Eric P. Newman, a retired lawyer and business executive, said he paid only about $7,500 to acquire his collection of about 1,800 coins, starting in the 1930s, officials at Heritage Auctions said Sunday, the day after the two-day auction wrapped up.
Newman plans to use his windfall to benefit a non-profit numismatic educational foundation named in his honor, the auction house said.
"Eric P. Newman of St. Louis began buying and studying the finest high-quality and rare United States coins he could starting about 90 years ago," Jim Halperin, co-chairman of Heritage Auctions, said in a release. "His return on investment is about 310,000 percent, but the knowledge he acquired about early American money, and shared with collectors through his writings over the years, is priceless."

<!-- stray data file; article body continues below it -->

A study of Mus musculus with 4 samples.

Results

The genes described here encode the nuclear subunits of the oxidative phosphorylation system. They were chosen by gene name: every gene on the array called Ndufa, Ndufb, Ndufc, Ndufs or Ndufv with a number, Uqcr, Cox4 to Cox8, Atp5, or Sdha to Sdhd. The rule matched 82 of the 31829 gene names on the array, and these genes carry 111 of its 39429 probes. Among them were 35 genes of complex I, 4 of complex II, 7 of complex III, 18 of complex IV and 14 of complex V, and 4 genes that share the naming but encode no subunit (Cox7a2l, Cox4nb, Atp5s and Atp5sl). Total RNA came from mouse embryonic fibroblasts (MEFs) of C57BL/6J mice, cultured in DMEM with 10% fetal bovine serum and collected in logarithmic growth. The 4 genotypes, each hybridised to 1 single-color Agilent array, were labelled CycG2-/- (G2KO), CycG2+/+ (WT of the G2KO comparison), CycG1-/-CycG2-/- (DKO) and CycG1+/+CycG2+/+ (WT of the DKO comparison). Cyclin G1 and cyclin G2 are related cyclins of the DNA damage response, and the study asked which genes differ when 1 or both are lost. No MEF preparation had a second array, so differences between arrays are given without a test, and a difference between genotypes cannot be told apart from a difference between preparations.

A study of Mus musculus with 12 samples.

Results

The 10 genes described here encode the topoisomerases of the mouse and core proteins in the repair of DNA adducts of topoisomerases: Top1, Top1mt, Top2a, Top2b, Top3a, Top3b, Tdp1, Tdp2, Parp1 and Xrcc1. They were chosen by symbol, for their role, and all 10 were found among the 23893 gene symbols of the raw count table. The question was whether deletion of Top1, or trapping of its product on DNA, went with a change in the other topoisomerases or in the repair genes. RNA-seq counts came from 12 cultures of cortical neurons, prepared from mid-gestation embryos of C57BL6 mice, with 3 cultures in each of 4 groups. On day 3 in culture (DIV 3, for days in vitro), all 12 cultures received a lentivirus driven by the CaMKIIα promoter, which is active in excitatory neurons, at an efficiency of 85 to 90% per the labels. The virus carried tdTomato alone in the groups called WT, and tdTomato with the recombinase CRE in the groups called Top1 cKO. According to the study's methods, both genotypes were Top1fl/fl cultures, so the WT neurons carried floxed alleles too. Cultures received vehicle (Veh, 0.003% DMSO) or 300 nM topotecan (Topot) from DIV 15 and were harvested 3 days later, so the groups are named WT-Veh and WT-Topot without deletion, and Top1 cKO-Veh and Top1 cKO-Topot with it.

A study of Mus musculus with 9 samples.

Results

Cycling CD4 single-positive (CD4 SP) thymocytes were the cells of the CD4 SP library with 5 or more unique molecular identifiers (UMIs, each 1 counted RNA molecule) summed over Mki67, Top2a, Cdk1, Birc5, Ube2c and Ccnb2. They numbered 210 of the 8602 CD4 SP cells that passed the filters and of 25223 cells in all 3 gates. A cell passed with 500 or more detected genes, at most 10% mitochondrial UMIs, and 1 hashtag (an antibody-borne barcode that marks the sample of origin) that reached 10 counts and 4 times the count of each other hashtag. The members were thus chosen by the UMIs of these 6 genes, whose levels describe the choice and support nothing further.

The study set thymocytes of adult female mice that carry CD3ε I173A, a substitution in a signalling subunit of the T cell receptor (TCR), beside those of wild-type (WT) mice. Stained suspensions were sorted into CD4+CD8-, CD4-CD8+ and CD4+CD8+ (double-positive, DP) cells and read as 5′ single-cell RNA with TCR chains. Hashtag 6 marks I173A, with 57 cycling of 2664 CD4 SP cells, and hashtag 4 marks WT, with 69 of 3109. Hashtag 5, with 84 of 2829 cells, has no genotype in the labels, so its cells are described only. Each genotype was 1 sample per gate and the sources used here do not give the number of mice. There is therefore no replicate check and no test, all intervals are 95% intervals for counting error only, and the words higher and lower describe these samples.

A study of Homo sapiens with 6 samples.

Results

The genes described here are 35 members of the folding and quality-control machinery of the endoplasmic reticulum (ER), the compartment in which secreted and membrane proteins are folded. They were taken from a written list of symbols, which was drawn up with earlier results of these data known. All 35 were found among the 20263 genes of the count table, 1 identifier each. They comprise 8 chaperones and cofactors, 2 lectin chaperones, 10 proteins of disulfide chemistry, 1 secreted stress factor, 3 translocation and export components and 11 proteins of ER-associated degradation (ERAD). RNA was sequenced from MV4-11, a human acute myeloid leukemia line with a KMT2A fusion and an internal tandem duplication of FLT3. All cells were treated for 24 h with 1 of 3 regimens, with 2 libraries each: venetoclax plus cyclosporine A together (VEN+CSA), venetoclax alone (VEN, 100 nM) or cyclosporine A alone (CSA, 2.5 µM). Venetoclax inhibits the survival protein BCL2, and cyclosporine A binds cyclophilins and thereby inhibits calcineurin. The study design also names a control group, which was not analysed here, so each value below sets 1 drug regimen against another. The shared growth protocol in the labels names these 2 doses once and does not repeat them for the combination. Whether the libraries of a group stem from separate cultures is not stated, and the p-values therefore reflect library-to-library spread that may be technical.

Newman, who started collecting coins when he was 7, is well-known in numismatics as a collector, researcher and award-winning author. He began collecting coins at the age of seven.
The final total for his collection had been expected to bring only about $15 million, but determined buyers pushed the prices up.
"It was the first time collectors and dealers had a chance to own some of the finest-known early American and 19th century U.S. coins that had been off the market for over a half century in Mr. Newman's collection," Halperin said. "He acquired many of them in the 1930s from the estate of a colorful collector, Col. E.H.R. Green, whose wealthy mother, Hetty Green, was known as The Witch of Wall Street."
Among the coins was the finest known surviving example of a quarter-dollar struck in 1796, the first year that denomination was produced by the U.S. Mint, Heritage Auctions said.
Newman bought it for $100 and it sold at auction for $1,527,500.
A 1795 U.S. silver dollar brought $910,625, and a 1799 U.S. silver dollar was purchased for $822,500.